Red Alert: Helping Kids Deal with Embarrassment

More Embarrassing Situations and How to Ease Them

GOOFING UP

Suppose your son tripped in the school cafeteria and dropped his lunch on the floor. Or kicked the ball into the other team's goal at a soccer match. Whenever he messes up big-time, he wants to hide. A blunder in front of peers is humiliating for 5- and 6-year-olds because they're trying to make lots of new friends. "They think that other kids won't want to hang out with them after their gaffe," says Dr. Villegas-Reimers.

Blush Buster Tell your child that it's okay to laugh it off. While his first reaction may be to cry or get angry, making a joke out of it or saying something like, 'Now that was silly,' is the way to deflate attention. Remind him to give other kids a break when they make mistakes so they'll do the same for him.

ANYTHING YOU CAN DO

If your daughter's friend knows her full address, your kid must know hers too. Her sister did a back flip? She has to give it a try. A classmate can ice-skate? Your daughter begs you for lessons. Anytime someone does something she can't, it's a huge issue. "Kids in this age group are concerned about what they're doing and how it compares with others," says Dr. Klinepeter. If a child can't do something as well as a peer, she may feel inferior.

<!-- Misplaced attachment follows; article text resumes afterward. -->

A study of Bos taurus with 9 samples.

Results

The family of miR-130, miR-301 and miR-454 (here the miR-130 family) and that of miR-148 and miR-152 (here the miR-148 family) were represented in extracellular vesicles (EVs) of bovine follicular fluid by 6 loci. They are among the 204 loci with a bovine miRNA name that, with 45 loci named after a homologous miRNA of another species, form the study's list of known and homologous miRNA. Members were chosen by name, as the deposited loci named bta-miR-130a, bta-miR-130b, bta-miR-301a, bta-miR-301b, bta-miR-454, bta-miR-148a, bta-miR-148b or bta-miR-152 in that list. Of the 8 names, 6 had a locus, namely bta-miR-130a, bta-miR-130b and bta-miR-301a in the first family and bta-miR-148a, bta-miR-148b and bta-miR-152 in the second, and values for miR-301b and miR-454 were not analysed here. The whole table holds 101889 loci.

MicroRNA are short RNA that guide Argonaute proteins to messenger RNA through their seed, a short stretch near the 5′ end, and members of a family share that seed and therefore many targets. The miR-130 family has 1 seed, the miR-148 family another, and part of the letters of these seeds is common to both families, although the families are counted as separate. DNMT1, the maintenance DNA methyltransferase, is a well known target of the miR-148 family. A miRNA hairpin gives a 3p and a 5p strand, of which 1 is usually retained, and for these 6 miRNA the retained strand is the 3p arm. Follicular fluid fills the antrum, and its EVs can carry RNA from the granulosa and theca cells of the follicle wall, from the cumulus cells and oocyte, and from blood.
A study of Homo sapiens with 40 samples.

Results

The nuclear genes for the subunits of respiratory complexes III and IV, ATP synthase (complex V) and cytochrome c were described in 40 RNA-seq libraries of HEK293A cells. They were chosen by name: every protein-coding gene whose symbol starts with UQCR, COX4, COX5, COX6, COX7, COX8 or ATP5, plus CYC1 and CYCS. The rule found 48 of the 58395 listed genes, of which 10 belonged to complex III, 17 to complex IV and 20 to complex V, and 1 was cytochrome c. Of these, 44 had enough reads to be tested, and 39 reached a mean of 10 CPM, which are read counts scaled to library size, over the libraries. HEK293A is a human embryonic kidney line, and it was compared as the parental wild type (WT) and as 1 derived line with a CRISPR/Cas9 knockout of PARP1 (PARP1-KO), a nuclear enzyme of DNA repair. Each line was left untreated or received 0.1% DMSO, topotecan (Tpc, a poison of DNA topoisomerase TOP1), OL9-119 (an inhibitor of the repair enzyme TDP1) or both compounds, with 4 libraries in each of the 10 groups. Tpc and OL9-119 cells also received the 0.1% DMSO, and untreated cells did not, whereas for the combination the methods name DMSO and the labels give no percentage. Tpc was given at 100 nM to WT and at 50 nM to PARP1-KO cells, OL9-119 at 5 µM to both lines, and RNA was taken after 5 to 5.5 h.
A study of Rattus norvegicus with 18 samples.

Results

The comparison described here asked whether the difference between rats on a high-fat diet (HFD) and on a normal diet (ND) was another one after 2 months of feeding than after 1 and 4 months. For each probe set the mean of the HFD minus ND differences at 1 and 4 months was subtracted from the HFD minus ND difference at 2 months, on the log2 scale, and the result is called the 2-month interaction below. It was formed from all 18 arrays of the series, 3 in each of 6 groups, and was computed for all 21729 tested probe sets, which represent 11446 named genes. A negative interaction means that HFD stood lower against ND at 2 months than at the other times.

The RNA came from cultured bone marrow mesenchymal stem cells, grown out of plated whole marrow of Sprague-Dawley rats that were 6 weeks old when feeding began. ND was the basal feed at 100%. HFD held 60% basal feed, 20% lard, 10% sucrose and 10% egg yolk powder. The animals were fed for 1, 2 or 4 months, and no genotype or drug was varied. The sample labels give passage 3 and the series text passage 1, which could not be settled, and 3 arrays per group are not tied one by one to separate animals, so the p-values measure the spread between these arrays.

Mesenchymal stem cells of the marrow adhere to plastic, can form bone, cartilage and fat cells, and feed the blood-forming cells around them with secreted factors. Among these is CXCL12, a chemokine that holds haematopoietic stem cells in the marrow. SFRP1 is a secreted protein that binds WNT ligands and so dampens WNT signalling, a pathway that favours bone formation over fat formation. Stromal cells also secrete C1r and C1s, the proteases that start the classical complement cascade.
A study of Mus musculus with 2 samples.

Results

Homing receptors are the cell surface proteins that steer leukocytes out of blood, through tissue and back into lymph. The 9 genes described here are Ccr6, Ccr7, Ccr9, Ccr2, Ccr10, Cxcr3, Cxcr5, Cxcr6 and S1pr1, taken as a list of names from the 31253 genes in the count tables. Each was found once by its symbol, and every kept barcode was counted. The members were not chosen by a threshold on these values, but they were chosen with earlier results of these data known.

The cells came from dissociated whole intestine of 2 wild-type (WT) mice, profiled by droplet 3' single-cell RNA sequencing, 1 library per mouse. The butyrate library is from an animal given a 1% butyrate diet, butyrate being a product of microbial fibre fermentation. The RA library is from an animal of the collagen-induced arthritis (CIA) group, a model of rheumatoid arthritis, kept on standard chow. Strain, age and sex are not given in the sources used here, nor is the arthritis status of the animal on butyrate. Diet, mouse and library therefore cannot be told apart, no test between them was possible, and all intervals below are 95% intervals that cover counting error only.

Blush Buster Bring the focus back to your child. "Tell her she's doing her best and emphasize the things she can do well," says Dr. Klinepeter. Then explain that everyone has different talents -- and she shouldn't feel bad if she can't do the same thing as her friend. But help her think about how she could learn or improve the skills needed to accomplish -tasks. For instance, if she's upset be-cause she can't tie her sneakers, offer to teach her. Says Dr. Villegas-Reimers: "It will help her realize that although the embarrassment doesn't feel good, she can do something about it."

CRUSH BLUSH

Does your son play with a neighborhood girl but ignore her when his boy pals are around? Maybe he constantly talks about a girl from school but then tells his friends she's "gross." Boy-girl stuff can be super awkward. "A lot of kids still feel that boys play with boys and girls play with girls, so if a boy-girl friendship develops, it may be looked at as unusual by other children," says Dr. Klinepeter.

Blush Buster Don't assume that being friends with a girl means your son "likes" her. Explain that you have male friends and it's no big deal. But if he is love-struck, resist getting all nosy about it. "Let him know everyone has a crush from time to time," says Dr. Fisher. Then if he wants to talk about it, let him. If not, give him space.

Originally published in the January 2012 issue of Parents magazine.